The South Side Fire Station
424 South Avenue
Landmarked September 18, 2006
The history of the Waukegan Fire Department dates back to the year 1847 when a Bucket Company and a Hook and Ladder Company were organized. In 1852, a hand engine, hose reel and other equipment were purchased and the Department was organized into three divisions - Fire Company, Hose Company and Hook and Ladder Company. By the early 1900s, the growth of Waukegan brought about the need for the construction of a second fire house on the south side of the city.
This firehouse was completed in 1911. The general massing of the structure is reminiscent of the Italian Villa style of architecture, with a tall imposing four story tower dominating the design. The tower was decorative as well as functional, as the fire hoses were hung inside at full length to dry. The detailing of the building is more consistent with the Craftsman style which had gained popularity by this time. A darker brown brick covers the first story, with a lighter red brick found on the second story and tower. A particularly fine feature of the design is the brick corbelling found on the upper story of the tower which creates a series of geometric patterns on the wall surfaces around the window openings. The broad overhanging eaves on the building are supported by simple but substantial wood brackets. Window openings feature multi-paned sashes in 8-over-2 and other combinations. A pair of wooden doors dominate the façade.
In November 1976 the fire station was recognized by the Waukegan Bicentennial Commission as one of 27 architecturally significant buildings in the City to be designated as Bicentennial Landmarks. In 1983 the station was closed after 72 years of service, when the new central station at Jackson Street and Belvidere Road opened. For the next ten years, the building sat vacant awaiting a new life. By 1993, the City had invested approximately $80,000 into refurbishing the building to house the offices of the Building, Zoning and Code Enforcement Departments. When it was determined that this plan would not work, the City deeded the property to Waukegan Township for the creation of Lake County's first designated homeless shelter.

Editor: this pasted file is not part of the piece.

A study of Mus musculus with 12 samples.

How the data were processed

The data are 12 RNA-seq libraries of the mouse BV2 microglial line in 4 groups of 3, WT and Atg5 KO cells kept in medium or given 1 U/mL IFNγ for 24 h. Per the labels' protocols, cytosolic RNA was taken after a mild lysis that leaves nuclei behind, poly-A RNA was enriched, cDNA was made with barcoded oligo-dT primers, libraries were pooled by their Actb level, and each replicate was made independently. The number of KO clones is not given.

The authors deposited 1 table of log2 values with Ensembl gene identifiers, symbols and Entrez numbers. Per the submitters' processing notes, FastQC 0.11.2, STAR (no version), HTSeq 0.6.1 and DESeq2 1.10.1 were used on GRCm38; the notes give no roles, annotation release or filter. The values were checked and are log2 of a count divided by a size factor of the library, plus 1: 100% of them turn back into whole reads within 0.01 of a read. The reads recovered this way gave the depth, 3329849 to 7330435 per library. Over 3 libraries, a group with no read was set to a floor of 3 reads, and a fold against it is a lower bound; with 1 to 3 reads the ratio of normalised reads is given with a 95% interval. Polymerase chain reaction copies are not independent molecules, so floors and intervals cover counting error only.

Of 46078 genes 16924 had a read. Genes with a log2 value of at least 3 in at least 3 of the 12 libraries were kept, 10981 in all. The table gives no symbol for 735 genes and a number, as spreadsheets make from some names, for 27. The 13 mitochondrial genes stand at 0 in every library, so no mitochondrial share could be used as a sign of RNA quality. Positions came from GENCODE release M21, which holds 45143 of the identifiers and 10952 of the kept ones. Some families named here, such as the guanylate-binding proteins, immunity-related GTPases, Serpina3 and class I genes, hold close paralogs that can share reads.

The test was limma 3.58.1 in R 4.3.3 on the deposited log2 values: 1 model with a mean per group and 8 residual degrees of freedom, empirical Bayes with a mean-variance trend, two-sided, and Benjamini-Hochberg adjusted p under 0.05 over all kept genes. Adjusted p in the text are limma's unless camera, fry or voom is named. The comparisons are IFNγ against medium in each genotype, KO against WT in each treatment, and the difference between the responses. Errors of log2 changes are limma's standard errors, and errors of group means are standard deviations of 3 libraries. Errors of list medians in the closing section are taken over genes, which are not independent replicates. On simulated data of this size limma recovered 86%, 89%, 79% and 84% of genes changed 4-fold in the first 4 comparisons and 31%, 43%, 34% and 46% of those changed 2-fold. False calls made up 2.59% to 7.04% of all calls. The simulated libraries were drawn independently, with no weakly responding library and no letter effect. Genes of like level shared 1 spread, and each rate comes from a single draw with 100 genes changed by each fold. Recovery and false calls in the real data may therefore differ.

Milton Staben, long time Township Supervisor had died in April 1993 and for years had a dream of establishing a shelter for homeless single men, following the closure of the downtown YMCA. New Township Supervisor Patricia Jones spearheaded the effort to convert the fire station into the Staben Center in his honor. On October 29, 1993, the Center was officially dedicated to Staben, and his son Peter, an attorney who had died three months before his father.
The shelter has a capacity of fifteen, who are in residency up to six months with six additional months of counseling and case management afterwards. Educational and vocational training services are provided along with sessions for those with substance and alcohol abuse issues. The Home Sweet Home program was established whereby residents assist the elderly with snow removal and lawn care. In 1994, the Center was the first place winner in the Governor's Home Town Award for the valuable services it provides. The Center estimates that well over 2,500 men have been helped during its thirteen years in operation.
The fire station, a local "landmark" in the general sense since its construction, is an excellent example of the possibilities of adaptive reuse, when a structure ceases to function in its original capacity and finds a new and effective use to ensure its survival into the future.